Stars Rami Malek, Gwilym Lee and Joe Mazzello walked the red carpet before introducing their highly anticipated new film to a packed San Francisco audience
By Kirsten Coachman
It’s not every day that you get to go to work and recreate one of the most iconic rock performances of all time, but for the cast of “Bohemian Rhapsody,” they stepped into the legendary shoes of Queen guitarist Brian May, drummer Roger Taylor, bassist John Deacon and the one and only Freddie Mercury while recreating the band’s 1985 set from Live Aid at the start of filming.
“It [was] terrifying,” said Gwilym Lee, who portrays May in the film. “It’s Freddie Mercury and Queen. [At] their kind of all-powerful best. In that situation, you know, it’s sink or swim. You’ve got to go for it, and you can’t be casual or you can’t second guess yourself when you’re playing a part like this, you’ve really got to commit.”
Lee, Rami Malek (who’s at the helm portraying Mercury, Queen’s charismatic and uninhibited frontman) and Joe Mazzello (portraying Deacon) were in town earlier this month as part of a special invitation-only advanced screening of the highly anticipated film at the Castro Theatre. The trio hit the red carpet where they spoke to Academy Art U News about their experience making the film.
On screen, Malek captures the essence of the late singer with a seemingly effortless ease and swagger, both on and off stage. He shared that his preparation for the role was born out of an appreciation for Mercury. “Maybe it’s an actor thing, maybe it’s just a human thing, but when you start to appreciate someone or you’re a fan of something, maybe you begin emulating it subconsciously,” Malek explained.
The actor had quite the task taking on the role of such a celebrated frontman, especially one with such an unrivaled physicality, something Malek was well aware of. “[Freddie] is one of the most unique human beings who has ever graced a stage or just basically walked this planet,” he said. “His mannerisms are so specific, and it’s almost as if every action, physically of his, is a ballet. He just knows how to interact with the world.”
For Lee and Mazzello, they shared that they played a little bit of guitar prior to filming, but nothing like their Queen counterparts. “I played acoustic campfire guitar but certainly not lead guitar at the level of Brian May’s genius,” Lee remarked.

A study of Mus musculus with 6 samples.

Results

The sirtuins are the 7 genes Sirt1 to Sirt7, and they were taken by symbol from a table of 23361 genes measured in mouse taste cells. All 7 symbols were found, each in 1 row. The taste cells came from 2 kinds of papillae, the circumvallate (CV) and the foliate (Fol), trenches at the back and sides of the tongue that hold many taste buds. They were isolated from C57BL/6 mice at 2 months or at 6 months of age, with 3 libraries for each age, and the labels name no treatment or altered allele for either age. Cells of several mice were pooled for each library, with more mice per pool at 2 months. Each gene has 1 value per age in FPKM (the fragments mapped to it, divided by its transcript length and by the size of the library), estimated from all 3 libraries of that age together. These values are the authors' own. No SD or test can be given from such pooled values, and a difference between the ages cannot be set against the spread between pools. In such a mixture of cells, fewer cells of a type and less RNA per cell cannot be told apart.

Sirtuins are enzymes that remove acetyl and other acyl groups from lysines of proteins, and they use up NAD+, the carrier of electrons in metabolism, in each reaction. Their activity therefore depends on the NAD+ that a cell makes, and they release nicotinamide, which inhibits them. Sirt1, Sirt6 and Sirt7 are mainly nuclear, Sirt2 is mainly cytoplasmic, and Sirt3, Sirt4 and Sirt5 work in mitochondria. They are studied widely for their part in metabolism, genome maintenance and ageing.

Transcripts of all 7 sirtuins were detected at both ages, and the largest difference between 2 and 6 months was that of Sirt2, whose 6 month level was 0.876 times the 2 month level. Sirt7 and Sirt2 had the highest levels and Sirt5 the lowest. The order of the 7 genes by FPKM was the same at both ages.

“When they asked me if I could play, of course, I did what any self-respecting actor would do, and I lied and I said, ‘Yes, I’m very good,’ Mazzello said, having never previously played bass. “Then they gave me so many lessons.”
Mazzello worked with a studio bassist “four or five times a week” for six weeks in the lead up to filming, learning to play Queen songs to the point where the actor “felt so comfortable.” “It’s me playing in the movie, I feel so proud of that,” he shared. “Even ‘Another One Bites the Dust,’ I just plugged in on that day and I was playing live in the scene. It was very cool.”
As for a song that posed to be a bigger challenge to get down, Mazzello revealed that the film’s namesake tune was one of them. “[‘Bohemian Rhapsody’] moves pretty quick. There’s a lot to do and it doesn’t follow any real set pattern,” he noted.
As one of the producers on the film, May was able to provide invaluable insights to the actors, especially when it came to recreating Queen’s live performances. “Because John wasn’t around, Brian would give me little tips about little nuances that I missed,” said Mazzello. “Like, John used to lick his fingers sometimes when he would play the bass because his fingers would get stuck in the strings. He told me that and I started incorporating that every time I was playing.”
It was during the recreation of Live Aid, following the cast’s first run-through of the band’s set, that May had a quick reminder for Lee. “Brian was watching and he came up to me afterward and he said, ‘That’s very good, that’s very accurate, you’ve got it all down, but just don’t forget I’m a rockstar. You need to have a bit of ego,’’’ Lee shared. “It was such a great note because what I took him to be saying is that we’re not there just to mimic him or to caricature him or anything like that. We need to fill it with our own sense of adrenaline, energy, and joy.”
“The best thing that they gave us was their support,” Mazzello added. “You just felt like they really wanted us to succeed.”
“Bohemian Rhapsody” opens in theaters on Nov. 2.